Specialties

  • Stroke Data Report

  • St. Anthony Hospital Stroke Data Report:
    January - December, 2014

  • St. Anthony Hospital, January – December, 2014: 26%
    National Benchmark: 3-8% (estimated national average)

    Nationally, only 3 to 8% of patients with ischemic stroke receive tPA.  At the St. Anthony Comprehensive Stroke Center, it is our goal to give this medication to all eligible patients in a timely yet safe manner.  St. Anthony Hospital treated approximately 26% of  ischemic stroke patients with this potentially life saving drug.

    The American Stroke Association launched a quality improvement campaign called Target Stroke in order to encourage more timely emergency treatment of acute ischemic stroke.  The clot busting medication called t-PA is given to patients shortly after stroke symptoms have started.  tPA is more effective when given early in the course but can be given up to four and a half hours after symptoms start.  IV t-PA can prevent major disability after stroke.

    St. Anthony Hospital, January – December, 2014: 5%
    National Benchmark: 6% (estimated national average)

    St. Anthony Hospital has very experienced surgeons and staff performing these procedures and has not experienced any deaths or strokes during these surgical procedures during the last year.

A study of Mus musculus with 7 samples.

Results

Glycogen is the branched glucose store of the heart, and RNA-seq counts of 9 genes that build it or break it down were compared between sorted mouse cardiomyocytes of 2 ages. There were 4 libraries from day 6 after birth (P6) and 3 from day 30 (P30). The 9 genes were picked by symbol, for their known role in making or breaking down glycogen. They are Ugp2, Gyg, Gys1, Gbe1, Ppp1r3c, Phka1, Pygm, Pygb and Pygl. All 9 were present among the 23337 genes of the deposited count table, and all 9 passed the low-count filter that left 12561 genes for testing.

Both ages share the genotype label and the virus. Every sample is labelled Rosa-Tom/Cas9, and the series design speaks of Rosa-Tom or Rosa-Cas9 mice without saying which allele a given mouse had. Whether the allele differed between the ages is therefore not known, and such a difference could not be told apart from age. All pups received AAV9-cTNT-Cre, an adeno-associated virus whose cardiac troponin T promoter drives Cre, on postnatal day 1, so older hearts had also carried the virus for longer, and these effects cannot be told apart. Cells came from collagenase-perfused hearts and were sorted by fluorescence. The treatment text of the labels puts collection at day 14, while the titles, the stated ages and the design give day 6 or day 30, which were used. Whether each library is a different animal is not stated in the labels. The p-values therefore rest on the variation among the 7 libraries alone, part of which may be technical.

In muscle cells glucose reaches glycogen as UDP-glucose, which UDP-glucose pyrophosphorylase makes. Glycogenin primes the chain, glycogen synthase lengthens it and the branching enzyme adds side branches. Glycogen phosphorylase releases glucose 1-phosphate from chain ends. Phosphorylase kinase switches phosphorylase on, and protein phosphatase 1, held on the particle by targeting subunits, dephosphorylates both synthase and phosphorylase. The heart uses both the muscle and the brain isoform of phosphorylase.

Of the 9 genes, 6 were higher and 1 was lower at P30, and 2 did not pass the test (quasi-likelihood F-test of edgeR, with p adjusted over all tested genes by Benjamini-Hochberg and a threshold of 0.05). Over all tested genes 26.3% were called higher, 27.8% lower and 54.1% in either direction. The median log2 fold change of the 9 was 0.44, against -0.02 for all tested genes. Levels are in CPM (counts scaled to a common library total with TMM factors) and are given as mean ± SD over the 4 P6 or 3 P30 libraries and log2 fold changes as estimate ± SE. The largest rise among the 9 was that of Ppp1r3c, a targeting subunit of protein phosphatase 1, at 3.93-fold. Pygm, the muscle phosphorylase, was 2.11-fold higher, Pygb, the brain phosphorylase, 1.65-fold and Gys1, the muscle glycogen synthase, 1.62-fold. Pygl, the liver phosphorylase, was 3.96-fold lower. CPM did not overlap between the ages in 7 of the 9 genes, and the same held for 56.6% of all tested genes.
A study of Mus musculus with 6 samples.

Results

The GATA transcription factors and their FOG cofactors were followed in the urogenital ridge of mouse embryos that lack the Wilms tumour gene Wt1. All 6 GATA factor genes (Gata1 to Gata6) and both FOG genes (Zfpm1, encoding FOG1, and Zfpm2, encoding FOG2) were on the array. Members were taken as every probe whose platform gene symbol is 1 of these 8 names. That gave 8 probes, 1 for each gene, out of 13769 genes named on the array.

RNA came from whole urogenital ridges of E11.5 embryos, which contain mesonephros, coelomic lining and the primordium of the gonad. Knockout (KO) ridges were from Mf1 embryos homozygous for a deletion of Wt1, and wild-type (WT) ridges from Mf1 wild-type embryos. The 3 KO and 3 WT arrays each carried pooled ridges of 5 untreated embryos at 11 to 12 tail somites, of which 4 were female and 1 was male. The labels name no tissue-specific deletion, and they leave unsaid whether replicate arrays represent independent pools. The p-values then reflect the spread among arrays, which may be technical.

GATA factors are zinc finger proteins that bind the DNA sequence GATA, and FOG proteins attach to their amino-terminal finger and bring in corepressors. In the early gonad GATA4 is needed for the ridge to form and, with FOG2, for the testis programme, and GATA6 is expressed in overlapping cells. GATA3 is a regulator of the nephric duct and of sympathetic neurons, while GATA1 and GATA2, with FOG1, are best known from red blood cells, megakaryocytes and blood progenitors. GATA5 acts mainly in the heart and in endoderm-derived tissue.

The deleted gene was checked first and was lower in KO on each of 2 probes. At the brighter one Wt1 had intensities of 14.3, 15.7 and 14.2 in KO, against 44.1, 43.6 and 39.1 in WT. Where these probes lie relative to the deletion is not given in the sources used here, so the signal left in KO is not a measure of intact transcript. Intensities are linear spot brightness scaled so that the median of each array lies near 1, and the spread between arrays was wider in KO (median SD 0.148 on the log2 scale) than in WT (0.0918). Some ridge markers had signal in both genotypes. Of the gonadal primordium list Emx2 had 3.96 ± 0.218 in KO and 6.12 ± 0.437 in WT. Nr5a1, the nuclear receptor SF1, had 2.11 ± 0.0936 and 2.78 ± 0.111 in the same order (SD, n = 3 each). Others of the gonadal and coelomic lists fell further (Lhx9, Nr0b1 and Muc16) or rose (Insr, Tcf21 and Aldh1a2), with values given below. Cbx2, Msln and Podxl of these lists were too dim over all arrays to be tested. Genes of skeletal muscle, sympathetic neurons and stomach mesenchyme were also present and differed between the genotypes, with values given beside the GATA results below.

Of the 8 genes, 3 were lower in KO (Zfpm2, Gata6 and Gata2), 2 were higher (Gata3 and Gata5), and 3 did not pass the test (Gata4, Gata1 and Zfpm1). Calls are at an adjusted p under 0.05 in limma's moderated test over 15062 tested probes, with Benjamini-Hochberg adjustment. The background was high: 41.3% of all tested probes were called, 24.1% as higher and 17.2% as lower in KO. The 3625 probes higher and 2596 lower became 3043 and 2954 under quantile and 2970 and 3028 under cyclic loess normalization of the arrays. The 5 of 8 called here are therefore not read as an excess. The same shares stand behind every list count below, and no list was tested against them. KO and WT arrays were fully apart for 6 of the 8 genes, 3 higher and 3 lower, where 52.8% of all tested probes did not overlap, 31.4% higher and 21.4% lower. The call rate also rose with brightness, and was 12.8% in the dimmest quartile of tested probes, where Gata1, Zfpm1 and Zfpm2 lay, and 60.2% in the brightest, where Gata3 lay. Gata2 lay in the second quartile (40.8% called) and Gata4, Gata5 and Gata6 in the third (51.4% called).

The carotid arteries are located in the neck and bring oxygenated blood to the brain.  These arteries may become narrowed by a build-up of cholesterol and calcium, called plaque.  Narrowing of the vessel can either lead to decreased flow of blood to the brain, or pieces of plaque may break off and travel to the brain and cut off blood supply, leading to a stroke.  Doctors may recommend surgery to open the artery, called a Carotid Endarterectomy, or placement of a wire mesh, called a Stent.  These procedures open the carotid artery to restore normal blood flow to the brain.   Our rate of complications was 5%, which is lower than the national benchmark of 6%.

    St. Anthony Hospital, January – December, 2014: 0%
    National Benchmark: 8.35% (estimated national average)

    St. Anthony Hospital has an excellent track record for both coiling and clipping aneurysms.  The data presented is regarding the surgical clipping of an aneurysm.  There have been no strokes or deaths in patients with unruptured aneurysms who underwent surgical clipping of their cerebral aneurysm at St. Anthony Hospital.

    A cerebral aneurysm is a weak spot in an artery that bulges outward and fills with blood. This is potentially dangerous as the bulge can burst, or rupture, causing bleeding into and around the brain.  This is called an aneurysmal subarachnoid hemorrhage and is a very dangerous type of hemorrhagic, or bleeding stroke.  Fortunately, most aneurysms do not rupture.

    Whether ruptured or unruptured, there are two procedures commonly used to either clamp off or place coils inside of the aneurysm to clot it off.  Surgical clipping involves placing a small metal clip across the base of the aneurysm to block it off from the artery.  During endovascular coiling, a catheter is threaded up to the aneurysm and a tiny wire coil is placed into the aneurysm.  Blood will clot around the coils which prevents blood from flowing into the weakened area of the artery. Blood is still able to flow past the clipped or coiled aneurysm in the normal part of the artery.